Adding high notes is what mostly discussed in articles that talks about how to increase vocal range and ignoring altos and basses. Lower voices, this one's for you! By using your chest voice, we'll explore some ways to add some more low notes on your voice.How To Sing
When you talk, most of us uses the chest voice. In fact, your speaking voice can teach you a lot about your singing voice. The way you use your speaking voice can either help or hinder your singing voice.
Let us explore your speaking voice for starter. Laugh, cry, yawn, sign etc are your various non-speech sounds. Try voicing it out. If you have a piano or pitch pipe available, find the nearest pitch to the sounds you made. Now speak a few monosyllables: uh-huh, mm-hmm, aha. Once again, using the piano or pitch pipe, speak a few monosyllables and match the pitch you produce.
Now speak a few simple sentences, such as "my name is_____" or "I love to sing". Once again, find the matching pitch. Ideally, the pitch should be the same for speaking as it is for monosyllables or non-speech sounds, but many people try to speak at a lower pitch than is natural for their voice. Doing this is not recommended and is not healthy thing to do.
Continue exploring your voice by speaking monosyllables at various pitch levels on a piano. Without sounding gravelly, try and find the lowest pitch you can speak. The gravelly sound is called "vocal fry" and is not healthy to sustain. Your ideal speaking pitch should be about four to five steps above your vocal fry level.
Next, speak sentences or read a paragraph aloud. Experiment with higher speaking pitches to see how high you can go. As you do the exercise, feel you voice and note where it is most comfortable and where you start to hear and feel strain.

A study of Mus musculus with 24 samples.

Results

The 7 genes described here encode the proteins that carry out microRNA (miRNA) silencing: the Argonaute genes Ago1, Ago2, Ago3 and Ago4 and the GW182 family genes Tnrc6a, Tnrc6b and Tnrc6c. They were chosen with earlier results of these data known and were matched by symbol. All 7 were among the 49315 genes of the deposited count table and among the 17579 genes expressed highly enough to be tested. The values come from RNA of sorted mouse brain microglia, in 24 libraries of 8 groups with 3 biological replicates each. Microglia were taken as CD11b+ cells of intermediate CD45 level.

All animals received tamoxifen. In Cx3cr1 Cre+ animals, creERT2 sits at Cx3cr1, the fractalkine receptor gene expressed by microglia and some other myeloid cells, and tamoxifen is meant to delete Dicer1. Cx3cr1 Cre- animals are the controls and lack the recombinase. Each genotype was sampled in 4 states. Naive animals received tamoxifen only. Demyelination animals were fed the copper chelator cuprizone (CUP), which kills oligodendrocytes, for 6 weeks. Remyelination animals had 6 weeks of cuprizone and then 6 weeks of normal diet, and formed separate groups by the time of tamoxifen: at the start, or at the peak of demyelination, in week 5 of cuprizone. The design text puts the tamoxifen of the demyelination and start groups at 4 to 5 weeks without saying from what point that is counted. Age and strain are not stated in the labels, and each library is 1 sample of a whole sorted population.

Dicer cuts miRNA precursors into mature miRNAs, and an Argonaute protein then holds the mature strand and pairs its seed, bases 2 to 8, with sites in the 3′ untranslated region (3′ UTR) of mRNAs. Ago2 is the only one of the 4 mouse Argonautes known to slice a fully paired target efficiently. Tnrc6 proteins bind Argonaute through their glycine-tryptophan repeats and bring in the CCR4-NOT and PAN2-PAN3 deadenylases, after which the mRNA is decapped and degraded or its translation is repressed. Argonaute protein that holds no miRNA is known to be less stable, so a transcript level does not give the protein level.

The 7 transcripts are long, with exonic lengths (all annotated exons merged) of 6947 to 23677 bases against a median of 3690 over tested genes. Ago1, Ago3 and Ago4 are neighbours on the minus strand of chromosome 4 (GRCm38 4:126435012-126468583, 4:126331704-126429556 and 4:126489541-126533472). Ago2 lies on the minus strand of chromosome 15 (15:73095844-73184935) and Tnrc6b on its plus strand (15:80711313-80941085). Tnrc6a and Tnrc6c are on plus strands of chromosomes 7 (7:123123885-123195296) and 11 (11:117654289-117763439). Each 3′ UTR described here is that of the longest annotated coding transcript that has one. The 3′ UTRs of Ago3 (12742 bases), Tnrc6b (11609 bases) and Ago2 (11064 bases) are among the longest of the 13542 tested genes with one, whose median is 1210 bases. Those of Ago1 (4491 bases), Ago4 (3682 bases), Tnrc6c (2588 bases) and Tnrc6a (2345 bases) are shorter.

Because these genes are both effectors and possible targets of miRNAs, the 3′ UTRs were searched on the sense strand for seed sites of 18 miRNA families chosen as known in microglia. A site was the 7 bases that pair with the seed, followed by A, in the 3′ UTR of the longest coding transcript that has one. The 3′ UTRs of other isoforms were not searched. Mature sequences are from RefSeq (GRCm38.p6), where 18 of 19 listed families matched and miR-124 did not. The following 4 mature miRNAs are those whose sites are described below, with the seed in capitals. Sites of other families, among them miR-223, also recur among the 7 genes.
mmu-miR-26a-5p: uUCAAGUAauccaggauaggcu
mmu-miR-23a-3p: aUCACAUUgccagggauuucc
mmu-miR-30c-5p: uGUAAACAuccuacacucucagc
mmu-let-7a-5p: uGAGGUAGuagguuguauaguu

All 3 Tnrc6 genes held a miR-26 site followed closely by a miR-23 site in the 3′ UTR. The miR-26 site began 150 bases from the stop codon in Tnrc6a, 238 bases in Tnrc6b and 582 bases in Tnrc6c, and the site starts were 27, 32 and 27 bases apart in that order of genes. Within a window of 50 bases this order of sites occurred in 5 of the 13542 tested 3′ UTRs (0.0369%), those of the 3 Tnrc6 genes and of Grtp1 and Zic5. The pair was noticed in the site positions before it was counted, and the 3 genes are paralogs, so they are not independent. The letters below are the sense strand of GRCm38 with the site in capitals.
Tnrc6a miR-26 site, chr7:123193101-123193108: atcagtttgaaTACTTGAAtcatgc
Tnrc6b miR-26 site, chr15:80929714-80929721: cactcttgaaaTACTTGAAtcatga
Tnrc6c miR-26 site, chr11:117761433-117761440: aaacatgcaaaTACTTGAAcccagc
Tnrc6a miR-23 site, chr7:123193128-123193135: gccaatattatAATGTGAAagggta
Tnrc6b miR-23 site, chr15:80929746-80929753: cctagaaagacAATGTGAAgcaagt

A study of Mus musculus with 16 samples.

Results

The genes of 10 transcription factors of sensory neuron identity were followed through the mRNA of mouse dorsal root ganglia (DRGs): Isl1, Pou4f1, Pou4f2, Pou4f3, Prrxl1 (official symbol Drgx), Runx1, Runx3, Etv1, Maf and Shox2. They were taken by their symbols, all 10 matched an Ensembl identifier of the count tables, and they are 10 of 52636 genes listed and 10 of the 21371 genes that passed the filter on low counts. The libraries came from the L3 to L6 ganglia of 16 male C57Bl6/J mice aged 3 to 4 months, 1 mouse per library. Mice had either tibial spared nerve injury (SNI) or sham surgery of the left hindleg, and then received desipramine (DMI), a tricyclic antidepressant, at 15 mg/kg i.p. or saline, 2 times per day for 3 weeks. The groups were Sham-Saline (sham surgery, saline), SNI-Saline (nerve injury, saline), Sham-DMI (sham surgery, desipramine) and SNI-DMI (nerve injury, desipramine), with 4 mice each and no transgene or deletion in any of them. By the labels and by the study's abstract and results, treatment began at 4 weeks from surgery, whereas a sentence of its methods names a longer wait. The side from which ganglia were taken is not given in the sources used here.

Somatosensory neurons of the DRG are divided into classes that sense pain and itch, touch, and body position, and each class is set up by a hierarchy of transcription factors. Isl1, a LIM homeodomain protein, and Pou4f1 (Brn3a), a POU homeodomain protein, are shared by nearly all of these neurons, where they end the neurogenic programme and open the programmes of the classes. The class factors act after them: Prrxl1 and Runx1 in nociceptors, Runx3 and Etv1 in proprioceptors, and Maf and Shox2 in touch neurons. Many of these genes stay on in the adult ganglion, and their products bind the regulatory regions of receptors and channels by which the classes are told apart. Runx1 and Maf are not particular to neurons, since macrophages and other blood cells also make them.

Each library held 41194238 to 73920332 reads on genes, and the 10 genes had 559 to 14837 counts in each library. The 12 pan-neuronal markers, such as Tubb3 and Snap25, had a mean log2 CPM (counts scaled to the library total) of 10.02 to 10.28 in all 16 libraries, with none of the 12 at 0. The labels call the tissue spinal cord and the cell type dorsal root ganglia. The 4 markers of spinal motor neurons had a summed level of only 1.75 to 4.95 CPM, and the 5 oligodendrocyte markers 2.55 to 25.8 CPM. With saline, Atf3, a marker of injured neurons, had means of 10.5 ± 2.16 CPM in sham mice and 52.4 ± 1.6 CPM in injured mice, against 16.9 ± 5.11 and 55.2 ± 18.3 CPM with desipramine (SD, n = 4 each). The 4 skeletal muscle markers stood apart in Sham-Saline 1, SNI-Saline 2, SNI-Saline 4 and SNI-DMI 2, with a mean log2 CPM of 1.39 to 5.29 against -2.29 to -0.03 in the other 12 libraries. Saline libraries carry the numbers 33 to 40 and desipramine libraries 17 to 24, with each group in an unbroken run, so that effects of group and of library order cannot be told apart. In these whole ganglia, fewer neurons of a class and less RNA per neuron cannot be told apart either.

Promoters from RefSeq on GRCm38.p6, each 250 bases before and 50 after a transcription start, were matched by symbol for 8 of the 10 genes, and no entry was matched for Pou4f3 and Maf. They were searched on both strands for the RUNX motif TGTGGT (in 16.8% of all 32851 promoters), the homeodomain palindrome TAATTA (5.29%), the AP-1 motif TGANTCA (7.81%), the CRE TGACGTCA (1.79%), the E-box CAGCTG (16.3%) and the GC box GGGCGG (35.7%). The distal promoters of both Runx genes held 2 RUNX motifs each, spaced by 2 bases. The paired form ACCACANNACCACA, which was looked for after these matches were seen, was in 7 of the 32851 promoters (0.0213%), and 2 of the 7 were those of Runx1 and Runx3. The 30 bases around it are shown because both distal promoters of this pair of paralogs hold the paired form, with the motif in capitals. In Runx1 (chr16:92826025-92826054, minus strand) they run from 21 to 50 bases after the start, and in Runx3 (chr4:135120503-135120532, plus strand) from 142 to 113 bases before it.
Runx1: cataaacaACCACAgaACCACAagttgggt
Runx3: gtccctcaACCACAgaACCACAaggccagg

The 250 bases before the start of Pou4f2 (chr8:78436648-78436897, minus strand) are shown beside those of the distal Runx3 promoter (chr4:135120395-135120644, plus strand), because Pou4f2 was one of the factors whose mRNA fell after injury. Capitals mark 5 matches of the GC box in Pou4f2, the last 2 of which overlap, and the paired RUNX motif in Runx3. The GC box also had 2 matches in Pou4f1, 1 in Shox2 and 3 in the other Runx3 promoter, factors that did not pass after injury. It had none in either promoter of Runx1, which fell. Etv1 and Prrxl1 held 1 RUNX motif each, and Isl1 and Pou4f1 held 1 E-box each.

When using your "chest voice", you will feel vibration (resonance) in your chest when producing tones in that pitch range. With you thumb and fingers resting on your collarbones, put your hand gently on your upper chest. Do a yawn-slide (exhale on the syllable "hee" or "hoo" while sliding from the top of your range to the bottom). As you slide down into your chest voice, you should feel the vibration from your hand.
You must know that the resonance is happening in your throat and mouth although it may feels like it's occurring in your chest. The vibration you feel is the result of air moving from your lungs and across your vocal folds.
The fifth slide is the simple low-range singing exercise. Starting in the comfortable middle part of your range, use the buzz (puckered lips vibrating as air is expelled) or a syllable such as "vaw" to sing the starting pitch and slide down five steps. That would be 'so->do', or G-C inf you're doing it in the key of C Major. The slide should be smooth, not bumpy or creaky. Start each repetition a half-step below the previous one.
If you feel bumpy or creaky sensations as you descend the scale, you're probably holding some tension. Pause and do some face and neck relaxation exercises. Gently massage your face and throat, then try again. Close your mouth slightly from its starting position as you descend the scale.
Next, using again the buzz or "vax", sing an octave scale up and back down. As you go up the scale, allow your jaw to drop and your mouth to open a bit wider, then reverse that as you come back down. It may be helpful to imagine your tone on a path leading away from yourself, with low notes nearest and high notes farthest away. You can move one hand back to your side as you descend and move it away from your body as you ascend the scan. Well, that's one thing to try out.
The arpeggio is another helpful exercise. Sing do-mi-so-do-so-mi-do on a vowel sound, such as "oo", "ee", or "ah". Start each new arpeggio a half-step lower than the last.
As with any singing technique, adding to your lower range will take time and effort. If you are patient and persistent, you will see positive results.